She went to investigate the local ecology. Yet during herfield work on East Java, Dutch biologist Ansje Löhr became increasinglyinvolved with the local residents, whose harvests failed and whosehealth was deteriorating due to extremely acidified and polluted riverwater. Löhr has recently received a second grant to help the Javanesepopulation.
Löhr's Ph.D. study was part of a larger project onthe Ijen Crater Lake on East Java, Indonesia. This crater lake is thelargest collection of volcanic water in the world and is extremelyacidic (pH 0.1). The acidic water slowly seeps away, and despitedilution by two tributaries in the area the pH of the river waterremains very low. This water is used for agricultural and householdpurposes, which sometimes leads to the rice harvests failing. The veryhigh aluminium content of the water – associated with the acidity –also plays an important role in this. Other elements such as fluorine,in the form of fluoride, form a direct threat for public health. Thelevels are not only alarmingly high in the river water but also in thegroundwater and drinking water wells.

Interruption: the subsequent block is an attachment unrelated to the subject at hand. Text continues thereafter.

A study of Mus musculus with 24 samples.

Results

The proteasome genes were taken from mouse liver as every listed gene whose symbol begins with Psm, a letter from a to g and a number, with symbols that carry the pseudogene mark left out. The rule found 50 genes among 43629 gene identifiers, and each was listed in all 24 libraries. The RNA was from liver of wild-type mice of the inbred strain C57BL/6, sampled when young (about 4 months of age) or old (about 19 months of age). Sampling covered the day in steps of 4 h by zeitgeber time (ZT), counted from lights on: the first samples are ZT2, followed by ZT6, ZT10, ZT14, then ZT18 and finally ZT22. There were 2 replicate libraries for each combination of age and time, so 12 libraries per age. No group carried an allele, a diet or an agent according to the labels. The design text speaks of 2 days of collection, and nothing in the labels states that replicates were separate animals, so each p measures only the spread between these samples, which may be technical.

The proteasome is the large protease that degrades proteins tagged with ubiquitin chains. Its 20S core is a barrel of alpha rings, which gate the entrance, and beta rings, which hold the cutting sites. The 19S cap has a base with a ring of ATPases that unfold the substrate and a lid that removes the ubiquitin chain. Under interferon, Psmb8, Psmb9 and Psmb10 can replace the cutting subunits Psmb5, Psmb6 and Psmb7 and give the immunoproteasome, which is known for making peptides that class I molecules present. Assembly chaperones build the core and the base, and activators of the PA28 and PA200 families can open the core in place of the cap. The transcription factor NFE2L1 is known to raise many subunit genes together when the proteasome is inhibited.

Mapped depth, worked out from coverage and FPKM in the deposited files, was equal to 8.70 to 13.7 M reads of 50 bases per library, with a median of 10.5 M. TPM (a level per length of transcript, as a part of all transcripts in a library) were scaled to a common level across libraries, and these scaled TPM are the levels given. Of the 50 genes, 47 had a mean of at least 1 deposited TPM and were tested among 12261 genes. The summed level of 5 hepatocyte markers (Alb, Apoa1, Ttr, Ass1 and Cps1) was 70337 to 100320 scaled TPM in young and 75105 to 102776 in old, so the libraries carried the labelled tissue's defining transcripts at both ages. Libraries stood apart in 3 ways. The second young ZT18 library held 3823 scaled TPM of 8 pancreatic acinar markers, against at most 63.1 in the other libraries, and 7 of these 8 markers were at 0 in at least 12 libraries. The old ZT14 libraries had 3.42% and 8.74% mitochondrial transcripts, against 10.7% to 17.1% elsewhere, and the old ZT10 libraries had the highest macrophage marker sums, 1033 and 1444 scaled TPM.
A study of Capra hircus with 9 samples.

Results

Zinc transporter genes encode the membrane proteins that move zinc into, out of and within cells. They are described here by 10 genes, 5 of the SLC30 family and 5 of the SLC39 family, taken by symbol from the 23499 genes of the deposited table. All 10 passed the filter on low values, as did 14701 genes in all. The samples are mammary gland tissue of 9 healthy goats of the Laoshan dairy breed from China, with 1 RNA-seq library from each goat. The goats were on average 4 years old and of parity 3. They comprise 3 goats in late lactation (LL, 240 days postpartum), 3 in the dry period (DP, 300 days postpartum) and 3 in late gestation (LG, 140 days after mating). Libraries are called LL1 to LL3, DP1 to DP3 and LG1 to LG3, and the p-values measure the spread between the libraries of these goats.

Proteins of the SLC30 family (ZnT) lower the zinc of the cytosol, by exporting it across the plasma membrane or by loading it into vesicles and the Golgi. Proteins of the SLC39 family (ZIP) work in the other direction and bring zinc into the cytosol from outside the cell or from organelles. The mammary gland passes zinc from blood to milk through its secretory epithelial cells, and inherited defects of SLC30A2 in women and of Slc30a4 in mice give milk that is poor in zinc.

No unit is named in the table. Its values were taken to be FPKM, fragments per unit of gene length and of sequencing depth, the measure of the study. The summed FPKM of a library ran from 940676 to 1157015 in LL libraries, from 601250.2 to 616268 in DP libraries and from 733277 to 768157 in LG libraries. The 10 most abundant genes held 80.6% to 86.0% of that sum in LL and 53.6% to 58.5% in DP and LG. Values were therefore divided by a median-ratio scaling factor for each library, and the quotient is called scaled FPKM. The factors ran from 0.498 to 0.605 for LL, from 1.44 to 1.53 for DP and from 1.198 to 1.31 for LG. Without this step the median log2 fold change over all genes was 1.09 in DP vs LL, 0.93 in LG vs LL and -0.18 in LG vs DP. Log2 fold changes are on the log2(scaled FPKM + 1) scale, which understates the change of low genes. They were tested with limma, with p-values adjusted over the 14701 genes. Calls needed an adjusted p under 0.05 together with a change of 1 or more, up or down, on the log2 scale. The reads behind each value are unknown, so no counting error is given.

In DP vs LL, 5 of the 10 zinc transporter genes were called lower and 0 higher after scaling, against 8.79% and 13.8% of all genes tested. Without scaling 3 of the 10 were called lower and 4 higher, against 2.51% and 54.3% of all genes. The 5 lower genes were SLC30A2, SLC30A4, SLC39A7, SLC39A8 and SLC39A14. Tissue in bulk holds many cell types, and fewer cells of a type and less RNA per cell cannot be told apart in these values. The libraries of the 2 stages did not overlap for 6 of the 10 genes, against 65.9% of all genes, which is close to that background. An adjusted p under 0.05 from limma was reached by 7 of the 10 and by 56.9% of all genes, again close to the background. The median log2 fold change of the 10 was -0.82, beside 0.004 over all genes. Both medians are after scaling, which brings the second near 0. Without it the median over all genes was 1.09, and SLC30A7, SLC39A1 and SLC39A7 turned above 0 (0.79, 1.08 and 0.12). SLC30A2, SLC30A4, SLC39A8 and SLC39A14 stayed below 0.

Within the large project scientists studied the geochemical andhydrological processes as well as the health risks. Ansje Löhrinvestigated the ecological effects of the acidic water. As well ashaving a harmful effect on the well-being of the local population, itadversely affects the biodiversity.
Löhr sampled the water atvarious locations. She observed that the neutral river water containednormal aquatic fauna, but that only mosquito larvae could survive theextremely acidic water. The diversity of microorganisms and algae wasalso very low. The inhibited breakdown of organic material was anotherecological effect measured. Löhr established this using packscontaining jati and bamboo leaves, which she suspended in the river atvarious locations. She determined the loss dry matter over a period ofseveral months.
According to Löhr, one possible solution for the acidificationproblem is simply to prevent the crater water from mixing with bothneutral rivers. She believes that this could be realised by channellingthe flow of acidic water from the crater into the sea, which with itsenormous water surface would not suffer any detrimental effects due tothis small quantity of acidic water. Löhr wants to hold discussionswith local authorities, other researchers and companies in order toarrange such a diversion or another solution. The biologist recentlyreceived a dissemination grant from NWO-WOTRO to support this.